Nick Kyrgios explained that he was trying to be what others wanted him to be and that made him uncomfortable. It could almost be likened to depression. He did not want to leave his room. Going to events was exhausting, meeting people who “really didn’t care who I was as a human being, rather just a tennis player … the crazy tennis player”.
He felt used and mentally abused and no matter the conversation he might have been having with people, it came across that they were “just trying to use me” and he lost trust in people. He fell out with his family and “it was just dark”.
There was intense emotional and mental pain.
He added: “I felt I was letting people down all the time. I felt worthless to be honest, I didn’t feel comfortable, I hated my life at one stage.
“I was cutting, burning, just pretty f*#^ed up s#*t. It was so dark that I kind of liked it as well, like asking people to do it and stuff. What doesn’t kill you makes you stranger (and stronger). I’m still a bit cooked.”
And then on top of all the negativity, he faces the opinions of others – Kyrgios needs a coach; Nick should be doing this and that. In essence why should it be anyone else’s business. How does the next person know what is good for him or not?
They’re not living in his skin to know firsthand. It’s interference. It’s a very big problem with society. The next person thinks they know it all. So-called authorities take it upon themselves to insist which player needs a coach, through to claiming someone coughing has covid but is not prepared to acknowledge it could be something else.
“It’s a very big problem with society,” he said. “Everyone thinks their two cents is relevant to someone else’s life. You’re not living their life so how do you know what they should be doing or how they’re feeling on problems there dealing with. If you find that peace within yourself, you don’t have to please anyone else – the results are coming. People are always going to have opinions.”
And while no one should expect Nick Kyrgios to be an altar boy, there has been a marked change in his attitude and approach. There are way more smiles across his face and when he laughs, it is an infectious laugh. It is an exciting shift that can be put down to two things – the Australian Open and his girlfriend Costeen Hatzi an interior designer.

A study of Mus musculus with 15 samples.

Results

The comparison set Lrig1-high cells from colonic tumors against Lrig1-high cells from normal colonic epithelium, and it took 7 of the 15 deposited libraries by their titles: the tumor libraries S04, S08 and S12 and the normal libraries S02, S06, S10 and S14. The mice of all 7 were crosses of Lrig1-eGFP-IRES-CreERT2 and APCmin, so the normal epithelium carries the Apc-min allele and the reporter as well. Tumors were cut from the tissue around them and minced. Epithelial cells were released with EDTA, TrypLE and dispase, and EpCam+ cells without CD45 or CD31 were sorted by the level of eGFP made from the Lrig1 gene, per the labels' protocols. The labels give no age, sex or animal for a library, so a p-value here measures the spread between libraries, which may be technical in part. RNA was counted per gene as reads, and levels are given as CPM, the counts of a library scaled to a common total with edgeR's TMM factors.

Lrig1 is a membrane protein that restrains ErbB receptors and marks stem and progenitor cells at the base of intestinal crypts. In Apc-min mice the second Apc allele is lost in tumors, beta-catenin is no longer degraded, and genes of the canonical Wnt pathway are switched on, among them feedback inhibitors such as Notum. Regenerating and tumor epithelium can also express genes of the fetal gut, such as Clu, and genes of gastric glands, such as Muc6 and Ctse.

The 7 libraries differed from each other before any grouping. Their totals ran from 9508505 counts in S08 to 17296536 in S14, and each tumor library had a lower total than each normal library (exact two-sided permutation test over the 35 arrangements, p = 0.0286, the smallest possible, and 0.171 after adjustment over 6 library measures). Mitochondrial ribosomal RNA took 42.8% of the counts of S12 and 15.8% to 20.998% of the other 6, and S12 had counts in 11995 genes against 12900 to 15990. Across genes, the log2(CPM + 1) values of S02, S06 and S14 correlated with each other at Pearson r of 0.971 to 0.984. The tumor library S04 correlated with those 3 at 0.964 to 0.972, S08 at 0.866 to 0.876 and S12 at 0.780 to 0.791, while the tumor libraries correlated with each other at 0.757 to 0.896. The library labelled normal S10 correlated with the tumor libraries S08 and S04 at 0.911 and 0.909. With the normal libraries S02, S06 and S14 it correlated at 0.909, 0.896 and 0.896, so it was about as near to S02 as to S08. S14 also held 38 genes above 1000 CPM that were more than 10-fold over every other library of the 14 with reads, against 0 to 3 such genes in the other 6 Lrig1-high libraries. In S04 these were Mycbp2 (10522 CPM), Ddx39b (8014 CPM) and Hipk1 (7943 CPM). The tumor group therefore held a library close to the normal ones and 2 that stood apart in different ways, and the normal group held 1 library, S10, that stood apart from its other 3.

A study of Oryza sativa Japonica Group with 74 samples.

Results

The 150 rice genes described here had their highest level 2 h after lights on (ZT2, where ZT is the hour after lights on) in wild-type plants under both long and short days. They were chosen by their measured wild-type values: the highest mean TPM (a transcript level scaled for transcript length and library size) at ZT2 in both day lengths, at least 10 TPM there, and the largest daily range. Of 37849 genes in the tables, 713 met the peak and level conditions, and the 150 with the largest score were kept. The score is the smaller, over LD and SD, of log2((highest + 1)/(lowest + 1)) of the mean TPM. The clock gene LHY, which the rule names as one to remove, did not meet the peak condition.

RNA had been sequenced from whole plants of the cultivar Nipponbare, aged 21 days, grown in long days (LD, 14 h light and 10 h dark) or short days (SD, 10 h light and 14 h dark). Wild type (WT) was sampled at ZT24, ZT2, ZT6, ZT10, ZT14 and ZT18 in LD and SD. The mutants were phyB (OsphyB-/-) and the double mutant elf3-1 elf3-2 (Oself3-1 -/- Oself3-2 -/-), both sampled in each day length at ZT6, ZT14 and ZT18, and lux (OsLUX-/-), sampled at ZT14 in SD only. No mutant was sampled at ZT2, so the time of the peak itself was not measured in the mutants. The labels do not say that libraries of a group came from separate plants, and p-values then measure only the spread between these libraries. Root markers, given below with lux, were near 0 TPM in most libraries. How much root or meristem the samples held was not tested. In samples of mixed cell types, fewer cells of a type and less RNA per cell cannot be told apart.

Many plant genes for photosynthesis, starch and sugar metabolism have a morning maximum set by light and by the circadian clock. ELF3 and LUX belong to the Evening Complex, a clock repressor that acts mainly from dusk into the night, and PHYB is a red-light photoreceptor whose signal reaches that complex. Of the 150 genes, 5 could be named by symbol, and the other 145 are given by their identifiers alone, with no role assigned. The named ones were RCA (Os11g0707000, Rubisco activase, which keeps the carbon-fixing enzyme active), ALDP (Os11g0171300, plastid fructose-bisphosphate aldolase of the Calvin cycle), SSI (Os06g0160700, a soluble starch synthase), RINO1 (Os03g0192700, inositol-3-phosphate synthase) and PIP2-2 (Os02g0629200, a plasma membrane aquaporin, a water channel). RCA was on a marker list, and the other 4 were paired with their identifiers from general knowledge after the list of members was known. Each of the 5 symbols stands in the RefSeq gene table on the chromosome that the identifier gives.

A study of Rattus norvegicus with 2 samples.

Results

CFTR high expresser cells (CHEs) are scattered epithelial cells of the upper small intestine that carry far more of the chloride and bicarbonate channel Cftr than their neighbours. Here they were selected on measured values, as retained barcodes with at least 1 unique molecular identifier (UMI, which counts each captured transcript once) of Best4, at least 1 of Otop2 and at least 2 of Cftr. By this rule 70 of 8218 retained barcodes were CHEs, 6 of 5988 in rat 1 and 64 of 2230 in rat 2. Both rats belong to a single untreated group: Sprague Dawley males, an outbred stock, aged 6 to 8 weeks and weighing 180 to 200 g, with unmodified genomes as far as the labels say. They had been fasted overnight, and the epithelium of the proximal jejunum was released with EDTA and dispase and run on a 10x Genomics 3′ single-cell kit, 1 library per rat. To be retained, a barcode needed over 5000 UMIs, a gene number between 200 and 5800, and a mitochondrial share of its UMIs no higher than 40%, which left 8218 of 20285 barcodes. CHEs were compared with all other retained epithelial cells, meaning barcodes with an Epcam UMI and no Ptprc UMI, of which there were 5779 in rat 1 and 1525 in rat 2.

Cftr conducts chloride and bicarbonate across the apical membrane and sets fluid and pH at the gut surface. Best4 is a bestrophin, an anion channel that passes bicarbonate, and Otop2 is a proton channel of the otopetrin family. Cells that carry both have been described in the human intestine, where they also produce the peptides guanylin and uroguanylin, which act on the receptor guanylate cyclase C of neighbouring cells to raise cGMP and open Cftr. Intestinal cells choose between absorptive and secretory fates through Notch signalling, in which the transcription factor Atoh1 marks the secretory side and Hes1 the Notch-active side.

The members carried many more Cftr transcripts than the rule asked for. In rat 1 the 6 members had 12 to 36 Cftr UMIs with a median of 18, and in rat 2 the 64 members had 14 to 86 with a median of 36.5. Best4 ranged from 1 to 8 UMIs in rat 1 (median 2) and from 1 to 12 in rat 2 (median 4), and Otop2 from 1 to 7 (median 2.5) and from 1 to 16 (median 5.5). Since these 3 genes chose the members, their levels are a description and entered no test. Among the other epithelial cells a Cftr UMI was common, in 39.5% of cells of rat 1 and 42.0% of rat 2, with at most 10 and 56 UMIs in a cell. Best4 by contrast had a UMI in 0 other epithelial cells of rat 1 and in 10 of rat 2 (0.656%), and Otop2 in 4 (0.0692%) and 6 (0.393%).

He found new motivation in Melbourne. Before, he had lost his vision on court and what he was wanting to achieve. However, what he and Thanasi Kokkinakis accomplished on Rod Laver Arena in front of a massive, enthusiastic crowd to win the men’s doubles, their first title at a major, reminded him that people relate to him. “We made the sport energetic – the WWE even sent us wrestling belts for Christ’s sake,” he said.
Tennis is still a love hate relationship for him, but he felt a big change even though he lost his singles to Daniil Medvedev in an entertaining match at the Australian Open. He remained focused and “ticked all the boxes for the first time”. It was a case of still feeling good despite the loss.
Off court and within himself he is as comfortable as he has ever been, and he doesn’t beat himself up after losing a match. When you are healthy (as he is now) and being happy, it translates to the court.
“I do love the sport; I’m a massive student of the game and I do enjoy watching tennis at times,” Kygs said. “I love it to a degree; it’s my life and I’ve dedicated hours and hours that I’m never going to get back.”
He’s been finding that crucial balance and Nick credits a fair bit to Costeen who he describes as “awesome and my best friend”.
“She doesn’t really know anything about tennis. The only two players she knows is me and Thanasi and that makes tennis quite exciting for her,” he said laughing, which was wonderful to see after all the darkness Nick had described. “If she knew 95% of the tour, she’d probably blow her brains out. I’m actually at a point in my life I’d like to start settling down a bit. I’ve had a lot of fun in my life.”
Maybe the first step to that settling down has happened with Nick buying a penthouse last week in the eastern suburbs of Sydney.